Wednesday, 28 June 2017

The differences between male and female leaders

A survey of American workers suggested that more than a third of all workers would prefer a male boss, over a female. Factors, such as the gender of their current manager and the age of those surveyed, play a part in the decision, but what are the differences between male and female leaders? Is there any foundation in our preference?

Another American study found that women tended to be rated higher in achieving results, getting work done, being transparent and clear, and building rapport with others. Men scored higher in strategic planning ability, persuasion, delegation, and being more reserved in expression.

The study highlights the areas in which male and female leaderships styles differ, which would explain why people may be drawn towards stating a preference. It also suggests that the natural leadership styles of men and women are complementary. It is by creating a balance of both types of leadership, through Board-level diversity, that organisations can bring about peak performance.

Culture matters


Unsurprisingly, these differing leadership styles are more suited to the different cultures. In traditionally ‘male’ environments, such as the armed forces, male leaders – or at least their leadership style – might be favoured. While environments which employ larger numbers of women, such as education and retail, appear to favour female managers/styles.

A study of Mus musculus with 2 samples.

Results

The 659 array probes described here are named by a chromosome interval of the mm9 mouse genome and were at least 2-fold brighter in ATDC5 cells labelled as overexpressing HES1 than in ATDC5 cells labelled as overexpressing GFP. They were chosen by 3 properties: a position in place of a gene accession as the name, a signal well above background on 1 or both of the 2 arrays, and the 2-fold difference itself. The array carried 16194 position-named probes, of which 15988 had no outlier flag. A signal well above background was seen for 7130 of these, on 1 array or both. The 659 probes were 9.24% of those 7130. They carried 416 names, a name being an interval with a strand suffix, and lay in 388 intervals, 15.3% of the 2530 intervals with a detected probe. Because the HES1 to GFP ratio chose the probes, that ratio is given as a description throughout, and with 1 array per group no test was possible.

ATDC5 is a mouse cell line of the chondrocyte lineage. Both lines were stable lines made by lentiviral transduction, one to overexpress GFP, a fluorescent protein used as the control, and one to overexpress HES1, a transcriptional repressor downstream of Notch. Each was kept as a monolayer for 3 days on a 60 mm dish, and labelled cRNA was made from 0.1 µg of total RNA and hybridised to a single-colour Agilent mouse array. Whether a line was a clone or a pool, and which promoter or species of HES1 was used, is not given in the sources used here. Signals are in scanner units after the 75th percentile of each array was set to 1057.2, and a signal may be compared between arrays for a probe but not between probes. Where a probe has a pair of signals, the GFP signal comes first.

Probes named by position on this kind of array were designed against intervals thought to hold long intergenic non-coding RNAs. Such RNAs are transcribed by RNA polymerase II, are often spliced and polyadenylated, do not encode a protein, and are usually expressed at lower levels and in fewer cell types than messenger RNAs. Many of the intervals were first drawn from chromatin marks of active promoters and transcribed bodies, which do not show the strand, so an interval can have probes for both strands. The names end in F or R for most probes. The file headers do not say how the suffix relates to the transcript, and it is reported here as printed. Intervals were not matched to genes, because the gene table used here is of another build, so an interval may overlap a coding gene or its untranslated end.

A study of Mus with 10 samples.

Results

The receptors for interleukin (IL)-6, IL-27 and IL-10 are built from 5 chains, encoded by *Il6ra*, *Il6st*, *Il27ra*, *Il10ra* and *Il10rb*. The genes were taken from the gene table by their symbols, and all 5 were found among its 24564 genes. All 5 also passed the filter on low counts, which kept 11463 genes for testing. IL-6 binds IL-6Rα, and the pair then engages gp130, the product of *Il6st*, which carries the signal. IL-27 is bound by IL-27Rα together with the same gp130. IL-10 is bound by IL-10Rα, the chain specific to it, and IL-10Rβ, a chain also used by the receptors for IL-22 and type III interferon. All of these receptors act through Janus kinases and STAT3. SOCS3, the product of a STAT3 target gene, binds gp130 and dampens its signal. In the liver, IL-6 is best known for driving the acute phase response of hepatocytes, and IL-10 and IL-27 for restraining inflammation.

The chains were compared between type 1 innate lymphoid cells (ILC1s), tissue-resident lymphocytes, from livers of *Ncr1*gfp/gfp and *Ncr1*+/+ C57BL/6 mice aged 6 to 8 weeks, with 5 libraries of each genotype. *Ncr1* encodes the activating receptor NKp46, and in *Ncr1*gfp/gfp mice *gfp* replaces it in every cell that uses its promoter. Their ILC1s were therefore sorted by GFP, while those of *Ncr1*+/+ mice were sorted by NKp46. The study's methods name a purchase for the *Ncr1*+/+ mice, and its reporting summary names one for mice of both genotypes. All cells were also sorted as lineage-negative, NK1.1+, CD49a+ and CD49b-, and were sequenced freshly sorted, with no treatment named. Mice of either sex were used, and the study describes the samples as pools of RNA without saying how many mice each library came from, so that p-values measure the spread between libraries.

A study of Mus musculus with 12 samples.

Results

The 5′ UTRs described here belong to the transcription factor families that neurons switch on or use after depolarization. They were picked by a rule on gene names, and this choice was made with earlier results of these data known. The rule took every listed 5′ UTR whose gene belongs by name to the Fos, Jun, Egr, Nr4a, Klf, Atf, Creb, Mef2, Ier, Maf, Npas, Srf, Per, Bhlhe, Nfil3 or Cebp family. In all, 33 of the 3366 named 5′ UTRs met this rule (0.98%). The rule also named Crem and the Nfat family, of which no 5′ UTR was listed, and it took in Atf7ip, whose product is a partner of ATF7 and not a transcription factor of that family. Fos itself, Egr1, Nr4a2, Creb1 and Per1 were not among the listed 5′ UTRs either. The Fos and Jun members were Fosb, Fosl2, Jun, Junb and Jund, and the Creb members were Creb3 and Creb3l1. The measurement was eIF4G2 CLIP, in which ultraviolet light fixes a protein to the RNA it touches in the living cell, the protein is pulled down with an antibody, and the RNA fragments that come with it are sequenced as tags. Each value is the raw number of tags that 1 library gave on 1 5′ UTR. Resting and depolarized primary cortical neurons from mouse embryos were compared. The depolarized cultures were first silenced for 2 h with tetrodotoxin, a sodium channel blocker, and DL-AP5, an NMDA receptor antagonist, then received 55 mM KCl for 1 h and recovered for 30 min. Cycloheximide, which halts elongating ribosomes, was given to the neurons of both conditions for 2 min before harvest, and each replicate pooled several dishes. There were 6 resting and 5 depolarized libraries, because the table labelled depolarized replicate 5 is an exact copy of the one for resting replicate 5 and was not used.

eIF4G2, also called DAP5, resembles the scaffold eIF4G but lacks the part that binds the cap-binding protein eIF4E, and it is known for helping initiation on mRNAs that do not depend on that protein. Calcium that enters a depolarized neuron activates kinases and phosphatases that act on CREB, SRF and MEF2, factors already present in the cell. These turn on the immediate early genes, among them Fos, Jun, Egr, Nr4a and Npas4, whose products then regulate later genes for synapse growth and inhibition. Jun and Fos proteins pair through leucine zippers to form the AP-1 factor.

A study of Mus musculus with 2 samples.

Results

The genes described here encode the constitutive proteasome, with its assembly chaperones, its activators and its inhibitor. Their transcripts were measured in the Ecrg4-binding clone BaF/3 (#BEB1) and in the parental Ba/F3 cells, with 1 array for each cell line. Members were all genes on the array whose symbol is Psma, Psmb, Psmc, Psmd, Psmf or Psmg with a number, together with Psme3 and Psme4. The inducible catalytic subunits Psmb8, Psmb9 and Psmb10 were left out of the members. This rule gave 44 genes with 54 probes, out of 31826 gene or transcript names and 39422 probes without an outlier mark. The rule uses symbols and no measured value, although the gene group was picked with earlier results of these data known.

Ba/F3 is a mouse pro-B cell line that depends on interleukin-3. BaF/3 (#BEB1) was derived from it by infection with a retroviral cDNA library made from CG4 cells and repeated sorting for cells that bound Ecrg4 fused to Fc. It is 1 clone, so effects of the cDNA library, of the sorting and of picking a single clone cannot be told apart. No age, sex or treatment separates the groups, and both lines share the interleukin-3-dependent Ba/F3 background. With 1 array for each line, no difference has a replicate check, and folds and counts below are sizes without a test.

Gender stereotypes


These gender-biased leadership skills are historical and often reinforced by stereotypes. As this article shows even after all these years, humans are surprisingly good at assessing a person’s physical formidability in terms of strength and fighting skills – tending to prefer dominant leaders when threat is greater. If women are perceived as too assertive or direct, they are often criticised; not assertive enough, they are labeled as weak leaders. The same goes that male leaders can be regarded as being weak, once they have show their nurturing and empathic sides.

Interestingly, most of the skills identified as being necessary for being a great leader – honesty, delegation, communication, confidence and positivity – are common to both male and female leaders.

Breaking free from being a stereotypical leader


We can all do our bit to break away from being the stereotypical leader we are expected to be:

  • By being conscious of your own biases about gender roles, we can first change our own thinking and behaviour, as well as that of our team members.
  • By having an appreciation of our own leadership style. This means we can purposefully learn to adapt it to fit different situations. Sometimes leaders need to be direct and firm. At other times, empathy and compassion are most needed.

Being an effective leader is about what you do, rather than what you know. Most leadership skills are learned from others, so it stands to reason that the more women leaders we have, the more they will share their skills with their teams.

Organisations are only ever successful thanks to the sum of all parts, rather than the achievements of individuals. All businesses flourish thanks to their diverse, gender balanced workforces, despite what leadership style we prefer – or display.